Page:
Big relief for JKIA travellers as workers union calls off strike

The Jomo Kenyatta International Airport in Nairobi. FILE PHOTO
The Jomo Kenyatta International Airport in Nairobi. FILE PHOTO 

Travellers using the Jomo Kenyatta International Airport (JKIA) in Nairobi got a big relief after the aviation workers union agreed to suspend a strike that was scheduled to start today.

The strike, which had been called to protest against plans by Kenya Airways (KQ) to take over management of JKIA, was suspended last evening after Transport and Infrastructure Cabinet Secretary James Macharia assured the workers that they will not lose their jobs after the proposed merger.

Cargo operators, airport ground staff and support service workers who are members of the Kenya Aviation Workers Union (Kawu) were set to take part in the strike.

Flight attendants and workers in duty-free shops were also expected to boycott work.

“I want to thank the CS for Transport for giving us an assurance that our jobs will be secure in the proposed takeover of JKIA by KQ. Therefore, we have agreed to suspend the strike to give all parties an opportunity to negotiate,” said Kawu secretary-general Moss Ndiema Tuesday.


The union reached the agreement after a closed-door meeting held Tuesday at the Ministry of Transport headquarters.

Mr Ndiema said the union would resist any change in the workers’ terms of employment.

Mr Macharia told the union representatives to wait for conclusion of negotiations to get a clearer picture of the proposed merger.

He said there will be no transfer of KAA assets to the national carrier, adding that the total number of workers at JKIA could increase from 950 to 3,000 after the takeover.

Busiest in East Africa

JKIA is the busiest airport in East Africa and the sixth busiest in Africa.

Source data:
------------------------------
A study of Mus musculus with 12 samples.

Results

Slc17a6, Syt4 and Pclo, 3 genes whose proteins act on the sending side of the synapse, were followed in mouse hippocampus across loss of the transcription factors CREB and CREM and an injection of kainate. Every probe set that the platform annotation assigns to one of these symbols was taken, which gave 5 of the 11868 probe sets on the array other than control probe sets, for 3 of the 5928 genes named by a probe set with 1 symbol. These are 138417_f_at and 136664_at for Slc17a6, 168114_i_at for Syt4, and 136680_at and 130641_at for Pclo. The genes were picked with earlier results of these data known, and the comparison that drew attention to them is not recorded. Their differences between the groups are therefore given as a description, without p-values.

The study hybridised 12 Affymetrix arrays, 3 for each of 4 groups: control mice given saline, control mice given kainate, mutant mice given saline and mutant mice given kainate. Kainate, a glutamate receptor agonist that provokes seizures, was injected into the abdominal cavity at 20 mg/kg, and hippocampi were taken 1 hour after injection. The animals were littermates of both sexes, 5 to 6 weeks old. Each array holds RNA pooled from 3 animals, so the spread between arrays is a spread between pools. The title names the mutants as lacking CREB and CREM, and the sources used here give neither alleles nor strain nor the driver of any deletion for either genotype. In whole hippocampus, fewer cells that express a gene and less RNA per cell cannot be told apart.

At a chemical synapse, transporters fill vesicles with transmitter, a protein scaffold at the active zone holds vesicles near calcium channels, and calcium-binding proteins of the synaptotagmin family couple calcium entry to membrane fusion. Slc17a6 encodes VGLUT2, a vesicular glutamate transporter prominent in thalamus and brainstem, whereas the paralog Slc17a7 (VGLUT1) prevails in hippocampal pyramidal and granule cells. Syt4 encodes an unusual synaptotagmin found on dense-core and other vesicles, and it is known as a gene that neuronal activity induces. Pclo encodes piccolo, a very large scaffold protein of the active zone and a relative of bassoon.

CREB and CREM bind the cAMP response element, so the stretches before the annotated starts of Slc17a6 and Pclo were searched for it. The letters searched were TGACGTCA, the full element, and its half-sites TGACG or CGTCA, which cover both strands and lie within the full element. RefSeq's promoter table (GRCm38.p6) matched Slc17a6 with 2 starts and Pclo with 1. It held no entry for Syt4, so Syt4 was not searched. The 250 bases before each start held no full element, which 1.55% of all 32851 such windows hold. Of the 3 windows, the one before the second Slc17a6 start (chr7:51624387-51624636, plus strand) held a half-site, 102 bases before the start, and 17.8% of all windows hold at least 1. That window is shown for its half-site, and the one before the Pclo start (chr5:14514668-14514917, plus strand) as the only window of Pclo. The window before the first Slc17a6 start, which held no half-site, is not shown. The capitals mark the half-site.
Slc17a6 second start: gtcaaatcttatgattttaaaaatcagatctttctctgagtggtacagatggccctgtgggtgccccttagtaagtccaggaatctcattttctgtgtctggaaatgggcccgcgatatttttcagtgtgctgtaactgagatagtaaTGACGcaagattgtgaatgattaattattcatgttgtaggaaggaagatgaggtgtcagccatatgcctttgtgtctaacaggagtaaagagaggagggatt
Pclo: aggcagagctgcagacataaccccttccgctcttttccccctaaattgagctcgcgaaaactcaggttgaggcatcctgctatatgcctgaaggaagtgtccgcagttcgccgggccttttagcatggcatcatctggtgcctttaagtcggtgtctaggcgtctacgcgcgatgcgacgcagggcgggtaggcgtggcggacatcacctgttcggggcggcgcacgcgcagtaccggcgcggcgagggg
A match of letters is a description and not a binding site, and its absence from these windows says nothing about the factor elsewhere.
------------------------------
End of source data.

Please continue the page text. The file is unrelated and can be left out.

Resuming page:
Besides Kenya Airways, it handles airlines such RwandAir, South African Airways, British Airways, Ethiopian Airlines, Emirates, Turkish Airlines among others.

An estimated 5.89 million international travellers passed through JKIA in 11 months to end of November last year, compared to 5.79 million passengers in the full year 2017.

The go-slow called by Kawu workers could have forced KQ to book travellers in hotels or reimburse money already paid for tickets.

Under the proposed changes at JKIA, Kenya Airways is set to merge with KAA as part of a grand plan to deepen the airline’s recovery and cement Nairobi’s status as a regional transport hub.

According to a policy paper seen by the Business Daily which got the Cabinet’s approval in June, the aim is to reposition KQ in a similar fashion as its main rivals, including Ethiopian Airlines, which have relied on government backing to expand their reach.

The move, dubbed 'Project Simba', also appears to be a reaction to the financial difficulties the carrier has continued to experience even after last year’s completion of a major reengineering drive, causing concern that it may not be able to withstand competition in the near future.